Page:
I was a faithful user of the EveryDNS system for 4 years. Their system has never been fancy, it’s never been overly complex; It’s always been there, well.. most of the time, anyway. I appreciated the site for its simplicity and used it for its functionality. Wildcard subdomains are why I moved to them in the first place. I was impressed with how clean and simple this service had remained after so many years… until, On January of 2010, something terrible happened.

Dyn acquired EveryDNS. Dyn had been excellent to me in the past, but I’d lost track of them; it’d been 6 years since I’d last used their products. They hadn’t really been in the news. Given my past positive experiences however, I was content with this news and curious to see what they would do with such a simple and useful service.

The following year, while moving servers around in the background, my EveryDNS services were downed 4 times; twice because of incompetence causing downed servers, and twice because of DDoS attacks. I watched them drop WikiLeaks the moment they started getting negative attention. They had support people on Twitter who responded to my every agitated comment but failed to provide anything besides carefully massaged words in response to these issues. At least they (sometimes) acknowledged the true reasons for outages. Dyn had become a big company that acted like big companies tend to act. In response to this outrage, I moved most of my domains off of EveryDNS, but apparently forgot the domain for my (closed to the public, low traffic) server hosting project.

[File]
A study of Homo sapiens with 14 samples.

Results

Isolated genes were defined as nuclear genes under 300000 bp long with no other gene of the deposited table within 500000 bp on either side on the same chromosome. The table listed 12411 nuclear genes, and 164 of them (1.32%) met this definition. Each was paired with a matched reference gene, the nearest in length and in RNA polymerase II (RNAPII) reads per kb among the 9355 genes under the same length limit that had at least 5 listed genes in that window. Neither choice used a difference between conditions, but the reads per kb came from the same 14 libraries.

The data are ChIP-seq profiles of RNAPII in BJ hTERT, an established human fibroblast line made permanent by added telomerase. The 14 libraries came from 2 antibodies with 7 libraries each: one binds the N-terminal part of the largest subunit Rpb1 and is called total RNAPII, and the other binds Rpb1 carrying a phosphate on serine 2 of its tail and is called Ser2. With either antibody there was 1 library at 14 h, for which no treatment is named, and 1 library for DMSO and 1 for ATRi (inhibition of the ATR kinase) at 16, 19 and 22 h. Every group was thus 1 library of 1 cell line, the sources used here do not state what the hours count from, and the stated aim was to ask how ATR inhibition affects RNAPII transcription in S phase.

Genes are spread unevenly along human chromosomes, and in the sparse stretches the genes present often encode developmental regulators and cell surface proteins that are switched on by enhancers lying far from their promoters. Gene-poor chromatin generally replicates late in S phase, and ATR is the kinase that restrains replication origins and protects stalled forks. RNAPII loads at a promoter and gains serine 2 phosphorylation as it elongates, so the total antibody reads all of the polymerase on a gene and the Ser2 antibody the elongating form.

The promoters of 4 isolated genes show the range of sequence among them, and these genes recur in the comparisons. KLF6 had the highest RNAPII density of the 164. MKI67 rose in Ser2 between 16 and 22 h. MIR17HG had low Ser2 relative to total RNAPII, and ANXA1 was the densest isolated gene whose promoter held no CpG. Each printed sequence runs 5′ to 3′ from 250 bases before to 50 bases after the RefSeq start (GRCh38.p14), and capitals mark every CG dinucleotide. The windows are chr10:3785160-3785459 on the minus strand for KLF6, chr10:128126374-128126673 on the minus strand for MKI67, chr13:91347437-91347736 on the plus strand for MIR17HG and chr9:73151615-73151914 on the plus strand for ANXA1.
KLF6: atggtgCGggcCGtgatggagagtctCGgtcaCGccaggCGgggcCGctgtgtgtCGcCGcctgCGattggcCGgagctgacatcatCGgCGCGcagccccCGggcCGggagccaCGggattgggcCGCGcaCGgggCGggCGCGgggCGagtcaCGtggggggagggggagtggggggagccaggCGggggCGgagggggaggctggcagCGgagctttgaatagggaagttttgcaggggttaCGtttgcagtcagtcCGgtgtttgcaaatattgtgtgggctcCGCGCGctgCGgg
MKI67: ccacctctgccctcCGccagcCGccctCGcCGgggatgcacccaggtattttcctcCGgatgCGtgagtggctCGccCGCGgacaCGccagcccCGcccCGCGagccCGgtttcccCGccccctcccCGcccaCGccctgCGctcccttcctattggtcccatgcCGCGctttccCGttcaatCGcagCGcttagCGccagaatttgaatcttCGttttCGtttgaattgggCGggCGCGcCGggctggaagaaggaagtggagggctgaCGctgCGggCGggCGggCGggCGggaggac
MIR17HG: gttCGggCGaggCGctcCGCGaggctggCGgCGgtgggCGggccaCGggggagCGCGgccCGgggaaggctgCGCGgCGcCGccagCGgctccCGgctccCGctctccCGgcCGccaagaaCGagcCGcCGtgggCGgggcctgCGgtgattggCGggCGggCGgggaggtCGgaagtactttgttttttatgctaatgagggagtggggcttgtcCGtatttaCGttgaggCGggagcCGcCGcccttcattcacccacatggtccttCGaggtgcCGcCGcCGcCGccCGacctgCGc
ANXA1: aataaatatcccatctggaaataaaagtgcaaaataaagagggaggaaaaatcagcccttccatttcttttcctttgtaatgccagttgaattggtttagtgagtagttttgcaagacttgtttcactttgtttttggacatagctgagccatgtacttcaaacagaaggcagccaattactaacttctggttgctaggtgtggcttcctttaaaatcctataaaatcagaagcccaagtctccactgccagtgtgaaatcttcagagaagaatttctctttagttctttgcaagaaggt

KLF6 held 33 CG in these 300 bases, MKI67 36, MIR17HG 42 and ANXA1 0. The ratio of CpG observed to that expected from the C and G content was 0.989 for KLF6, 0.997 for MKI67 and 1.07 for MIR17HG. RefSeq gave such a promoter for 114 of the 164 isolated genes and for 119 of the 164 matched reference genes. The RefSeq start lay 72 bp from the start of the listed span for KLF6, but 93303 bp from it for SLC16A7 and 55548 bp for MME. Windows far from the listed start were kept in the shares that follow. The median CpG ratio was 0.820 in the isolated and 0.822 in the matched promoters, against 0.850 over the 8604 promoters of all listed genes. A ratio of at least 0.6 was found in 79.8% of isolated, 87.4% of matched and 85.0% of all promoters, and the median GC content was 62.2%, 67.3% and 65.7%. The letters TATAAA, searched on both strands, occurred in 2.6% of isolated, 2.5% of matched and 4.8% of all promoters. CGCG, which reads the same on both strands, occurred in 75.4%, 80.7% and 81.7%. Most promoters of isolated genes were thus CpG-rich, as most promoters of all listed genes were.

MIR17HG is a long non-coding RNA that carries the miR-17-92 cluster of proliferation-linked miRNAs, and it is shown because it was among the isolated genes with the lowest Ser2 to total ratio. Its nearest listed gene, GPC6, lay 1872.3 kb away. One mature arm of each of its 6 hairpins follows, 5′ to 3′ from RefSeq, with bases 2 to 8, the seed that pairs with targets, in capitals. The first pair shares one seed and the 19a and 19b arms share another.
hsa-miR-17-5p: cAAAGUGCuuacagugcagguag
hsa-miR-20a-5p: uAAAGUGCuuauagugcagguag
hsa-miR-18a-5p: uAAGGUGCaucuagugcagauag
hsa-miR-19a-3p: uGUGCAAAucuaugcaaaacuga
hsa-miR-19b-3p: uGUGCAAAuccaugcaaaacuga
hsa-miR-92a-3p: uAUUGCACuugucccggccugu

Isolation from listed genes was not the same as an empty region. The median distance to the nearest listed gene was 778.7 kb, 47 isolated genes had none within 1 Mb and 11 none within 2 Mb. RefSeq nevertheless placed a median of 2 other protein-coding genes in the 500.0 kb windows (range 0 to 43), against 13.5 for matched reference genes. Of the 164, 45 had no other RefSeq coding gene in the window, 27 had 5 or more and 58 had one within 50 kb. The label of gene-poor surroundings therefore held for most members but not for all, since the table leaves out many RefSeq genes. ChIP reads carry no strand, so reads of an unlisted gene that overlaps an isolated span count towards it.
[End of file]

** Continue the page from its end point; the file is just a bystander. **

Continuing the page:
This morning, one of the folks involved in the project asked what the cause of the downtime they were experiencing was. When I checked, I found the server up, but visiting the domain returned a different IP than it should. ARIN confirmed the owner to be “Dynamic Network Services Inc.” When I visited the EveryDNS site, I was cheerfully greeted with a countdown to EveryDNS’ final throws of death.

In 14-and-half hours, EveryDNS would experience “Outages,” the notification cheerfully announced.

Was my service still functional as implied by the claim that outages were 14 some hours away?
No.

Did I receive an email to the email address they have on file, notifying me of this?
No.

Did I receive any notification that DynDNS would be shutting down EveryDNS entirely?
No!

Instead, they simply re-directed the domains I was hosting with them. That was how I was notified. And not only did they redirect my domains to one of their servers, the server in question couldn’t handle the load of so many requests at once, and timed out. Stay classy, guys.

This was so incredibly unprofessional, it’s unforgivable. To effectively Hijack my domain in it’s entirety without any notification whatsoever goes beyond incompetence and into “if I was making my living from this site I would sue you for lost business.”

I will never do business with Dyn ever again.

1 Comment Written by at 10:53 am
  1. Matt
    September 1st, 2011 9:23 am

    It could be worse.  I've been on holiday, so I didn't notice any outages.  The first I knew was today, where there's a six-hour interruption.
    I knew EveryDNS belonged to Dyn -- they managed to send me that email.  But, although my address hasn't changed, they didn't tell me DNS would stop working.
    I've transferred to Dyn, as I don't (at this stage) have time to investigate and set up alternatives.  But, it looks like there's a 30-day money-back guarantee.  I'll be investigating other providers.